The Jury for the Award –convened by the Prince of Asturias Foundation– was chaired by José Lladó y Fernández-Urrutia and made up of Bárbara Allende Gil de Biedma, José Luis Cienfuegos Marcello, Carlos Fitz-James Stuart Martínez de Irujo, Duke of Huéscar, Guillermo García-Alcalde Fernández, Carmen Giménez Martín, Enrique González Macho, Catalina Luca de Tena y García-Conde, Hans Meinke Paege, Elena Ochoa Foster, Benedetta Tagliabue, Patricia Urquiola Hidalgo, Carlos Urroz Arincibia, Miguel Zugaza Miranda and José Antonio Caicoya Cores (acting as secretary).

This candidature was put forward by Richard Armstrong, Director of the Solomon R. Guggenheim Foundation in New York.

Frank Owen Gehry was born in 1929 in Toronto (Canada), but adopted American nationality after moving to Los Angeles in 1947 with his parents. He graduated in Architecture in 1954 from the University of Baja California and began working in the studio of Victor Gruen. After completing his military service, he studied Urban Planning at Harvard and returned to Gruen’s office. He moved to Paris in 1961 with his wife and two daughters, where he worked for a year with André Rémondet. In 1962, he opened his own studio –Frank O. Gehry and Associates– in Los Angeles, from which he has worked on projects in America, Europe and Asia for five decades now.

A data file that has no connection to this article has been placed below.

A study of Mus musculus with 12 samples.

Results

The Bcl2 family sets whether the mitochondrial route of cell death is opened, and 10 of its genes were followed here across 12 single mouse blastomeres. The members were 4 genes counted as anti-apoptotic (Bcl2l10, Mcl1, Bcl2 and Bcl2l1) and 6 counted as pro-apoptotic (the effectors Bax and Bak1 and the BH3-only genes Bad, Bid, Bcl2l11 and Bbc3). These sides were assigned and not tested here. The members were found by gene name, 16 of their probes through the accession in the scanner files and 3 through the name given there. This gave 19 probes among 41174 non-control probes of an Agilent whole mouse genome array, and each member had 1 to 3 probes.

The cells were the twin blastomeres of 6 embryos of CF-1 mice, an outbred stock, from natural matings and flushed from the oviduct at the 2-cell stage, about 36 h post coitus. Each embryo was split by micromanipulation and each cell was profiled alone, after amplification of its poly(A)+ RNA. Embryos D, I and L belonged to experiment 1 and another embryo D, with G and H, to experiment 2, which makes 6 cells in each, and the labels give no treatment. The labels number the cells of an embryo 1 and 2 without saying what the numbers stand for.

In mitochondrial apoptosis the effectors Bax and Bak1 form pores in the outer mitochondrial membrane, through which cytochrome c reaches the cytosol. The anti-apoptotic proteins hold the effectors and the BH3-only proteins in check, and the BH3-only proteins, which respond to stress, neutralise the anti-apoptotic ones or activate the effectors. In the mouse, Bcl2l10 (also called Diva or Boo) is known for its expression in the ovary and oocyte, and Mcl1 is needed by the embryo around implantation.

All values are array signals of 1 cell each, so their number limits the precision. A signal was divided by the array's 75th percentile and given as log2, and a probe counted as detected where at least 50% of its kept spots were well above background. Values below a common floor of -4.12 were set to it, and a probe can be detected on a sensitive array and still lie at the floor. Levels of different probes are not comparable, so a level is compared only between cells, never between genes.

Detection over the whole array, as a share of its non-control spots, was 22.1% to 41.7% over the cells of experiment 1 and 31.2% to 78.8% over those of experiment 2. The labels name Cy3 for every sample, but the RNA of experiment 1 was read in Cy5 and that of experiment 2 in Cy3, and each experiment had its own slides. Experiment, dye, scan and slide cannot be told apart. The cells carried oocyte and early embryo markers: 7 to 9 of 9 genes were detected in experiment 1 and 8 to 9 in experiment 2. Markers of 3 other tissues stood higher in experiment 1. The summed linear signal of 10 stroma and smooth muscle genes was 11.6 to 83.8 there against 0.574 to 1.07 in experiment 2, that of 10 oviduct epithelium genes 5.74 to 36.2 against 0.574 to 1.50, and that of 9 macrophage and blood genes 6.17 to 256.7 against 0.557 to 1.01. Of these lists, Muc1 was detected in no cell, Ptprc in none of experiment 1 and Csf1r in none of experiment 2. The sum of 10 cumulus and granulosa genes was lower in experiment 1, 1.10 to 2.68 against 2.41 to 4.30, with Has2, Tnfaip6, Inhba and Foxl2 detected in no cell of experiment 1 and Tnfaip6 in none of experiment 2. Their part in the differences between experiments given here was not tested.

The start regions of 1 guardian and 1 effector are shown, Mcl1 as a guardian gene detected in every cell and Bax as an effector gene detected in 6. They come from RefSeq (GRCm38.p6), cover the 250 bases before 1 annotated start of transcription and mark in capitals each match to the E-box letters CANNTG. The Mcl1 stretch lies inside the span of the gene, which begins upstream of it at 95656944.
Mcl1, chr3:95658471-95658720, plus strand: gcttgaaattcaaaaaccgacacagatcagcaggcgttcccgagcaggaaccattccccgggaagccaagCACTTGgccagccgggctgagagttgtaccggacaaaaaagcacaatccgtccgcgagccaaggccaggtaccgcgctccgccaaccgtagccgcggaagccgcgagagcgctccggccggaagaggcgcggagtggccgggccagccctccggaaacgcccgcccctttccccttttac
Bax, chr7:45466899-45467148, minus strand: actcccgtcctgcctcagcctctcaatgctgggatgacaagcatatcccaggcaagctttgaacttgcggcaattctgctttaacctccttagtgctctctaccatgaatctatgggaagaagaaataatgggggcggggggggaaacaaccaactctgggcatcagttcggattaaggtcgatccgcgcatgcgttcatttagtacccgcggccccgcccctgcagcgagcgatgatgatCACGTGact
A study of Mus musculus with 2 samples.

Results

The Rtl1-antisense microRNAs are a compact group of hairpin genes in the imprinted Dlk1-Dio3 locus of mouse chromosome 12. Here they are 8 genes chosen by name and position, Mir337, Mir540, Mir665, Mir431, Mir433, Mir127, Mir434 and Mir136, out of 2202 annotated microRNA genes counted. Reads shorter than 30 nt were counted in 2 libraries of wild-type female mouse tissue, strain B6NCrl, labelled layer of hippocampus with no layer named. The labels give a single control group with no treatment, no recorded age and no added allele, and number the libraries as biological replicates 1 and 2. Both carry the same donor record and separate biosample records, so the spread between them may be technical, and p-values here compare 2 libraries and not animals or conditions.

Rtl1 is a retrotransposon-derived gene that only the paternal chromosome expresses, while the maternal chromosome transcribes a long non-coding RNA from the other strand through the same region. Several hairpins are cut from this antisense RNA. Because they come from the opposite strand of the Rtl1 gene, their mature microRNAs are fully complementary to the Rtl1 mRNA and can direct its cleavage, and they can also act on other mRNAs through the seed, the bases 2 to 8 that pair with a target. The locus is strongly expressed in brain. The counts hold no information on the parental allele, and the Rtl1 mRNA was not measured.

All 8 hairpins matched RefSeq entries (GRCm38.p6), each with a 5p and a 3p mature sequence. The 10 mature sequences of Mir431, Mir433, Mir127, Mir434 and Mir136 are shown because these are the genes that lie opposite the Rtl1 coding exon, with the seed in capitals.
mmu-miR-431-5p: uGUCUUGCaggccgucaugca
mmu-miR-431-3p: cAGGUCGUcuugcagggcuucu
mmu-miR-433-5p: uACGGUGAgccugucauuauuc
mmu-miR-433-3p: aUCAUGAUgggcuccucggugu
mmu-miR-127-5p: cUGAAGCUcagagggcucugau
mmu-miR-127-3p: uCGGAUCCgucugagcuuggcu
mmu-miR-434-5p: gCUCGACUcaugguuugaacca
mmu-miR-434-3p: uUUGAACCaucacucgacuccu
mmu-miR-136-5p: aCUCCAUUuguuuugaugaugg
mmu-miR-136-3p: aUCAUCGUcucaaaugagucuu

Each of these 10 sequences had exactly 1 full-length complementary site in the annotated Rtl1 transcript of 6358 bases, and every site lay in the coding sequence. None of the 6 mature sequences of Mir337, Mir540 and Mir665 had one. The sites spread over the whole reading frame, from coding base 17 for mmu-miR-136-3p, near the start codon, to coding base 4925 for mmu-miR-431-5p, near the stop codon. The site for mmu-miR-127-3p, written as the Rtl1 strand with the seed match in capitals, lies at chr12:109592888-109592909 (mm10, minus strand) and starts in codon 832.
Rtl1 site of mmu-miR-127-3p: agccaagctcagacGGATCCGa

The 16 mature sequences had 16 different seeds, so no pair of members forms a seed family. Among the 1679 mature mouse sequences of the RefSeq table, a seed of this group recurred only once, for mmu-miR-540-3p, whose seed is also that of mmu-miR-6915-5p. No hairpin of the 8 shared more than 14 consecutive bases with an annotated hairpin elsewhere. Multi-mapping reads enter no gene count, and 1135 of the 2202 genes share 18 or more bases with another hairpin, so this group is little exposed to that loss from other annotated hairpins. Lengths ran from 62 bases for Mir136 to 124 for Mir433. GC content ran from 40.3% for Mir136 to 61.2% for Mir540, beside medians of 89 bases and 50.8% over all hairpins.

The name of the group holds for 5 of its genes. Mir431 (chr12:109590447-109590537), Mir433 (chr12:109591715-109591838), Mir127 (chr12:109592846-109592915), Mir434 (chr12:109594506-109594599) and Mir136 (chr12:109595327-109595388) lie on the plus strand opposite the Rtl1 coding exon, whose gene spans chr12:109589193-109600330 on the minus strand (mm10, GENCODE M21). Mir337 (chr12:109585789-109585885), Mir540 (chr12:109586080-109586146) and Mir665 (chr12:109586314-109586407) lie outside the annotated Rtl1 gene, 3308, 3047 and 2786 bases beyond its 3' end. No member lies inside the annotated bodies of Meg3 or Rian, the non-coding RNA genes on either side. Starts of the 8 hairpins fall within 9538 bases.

He rose to prominence in the 70s for his buildings with sculptural forms that combine unusual industrial materials such as titanium and glass. During this same period, he began to develop a role as a designer of furniture with his Easy Edges collection, conceived as a low-cost range comprising fourteen pieces made out of cardboard, subsequently followed by the more artistic range, Experimental Edges. Since the late 80s, the name of Frank Gehry has been associated with the deconstructionist movement, characterized by fragmentation and the rupture of a linear design process, resulting in buildings with a striking visual appearance. The Guggenheim Museum in Bilbao (1997) and the Nationale-Nederlanden building in Prague (1996), known as the Dancing House, may be considered among the most prominent examples of this formal language. Likewise noteworthy among his works are the Aerospace Museum of California (1984), the Vitra Design Museum in Weil am Rhein, Germany (1989), the Frederick Weisman Art Museum in Minneapolis (1993), the DZ Bank building in Berlin (1998), the Gehry Tower in Hannover (2001), the Massachusetts Institute of Technology Stata Center in Cambridge (2003), the Walt Disney Concert Hall (2003) and the Maggie’s Centre in Dundee, Scotland (2003). Gehry has also worked on a museum of contemporary art in Paris for the Louis Vuitton Foundation, the design of his first playground in New York, at the southern tip of the island of Manhattan known as The Battery, and the remodelling and recovery of Mayer Park in Lisbon, which included the restoration of the Capitolio Theatre. In Spain, 2006 saw the opening of the Herederos del Marqués de Riscal winery in Elciego (Álava), and he has also designed the Sagrera Tower in Barcelona.Read more.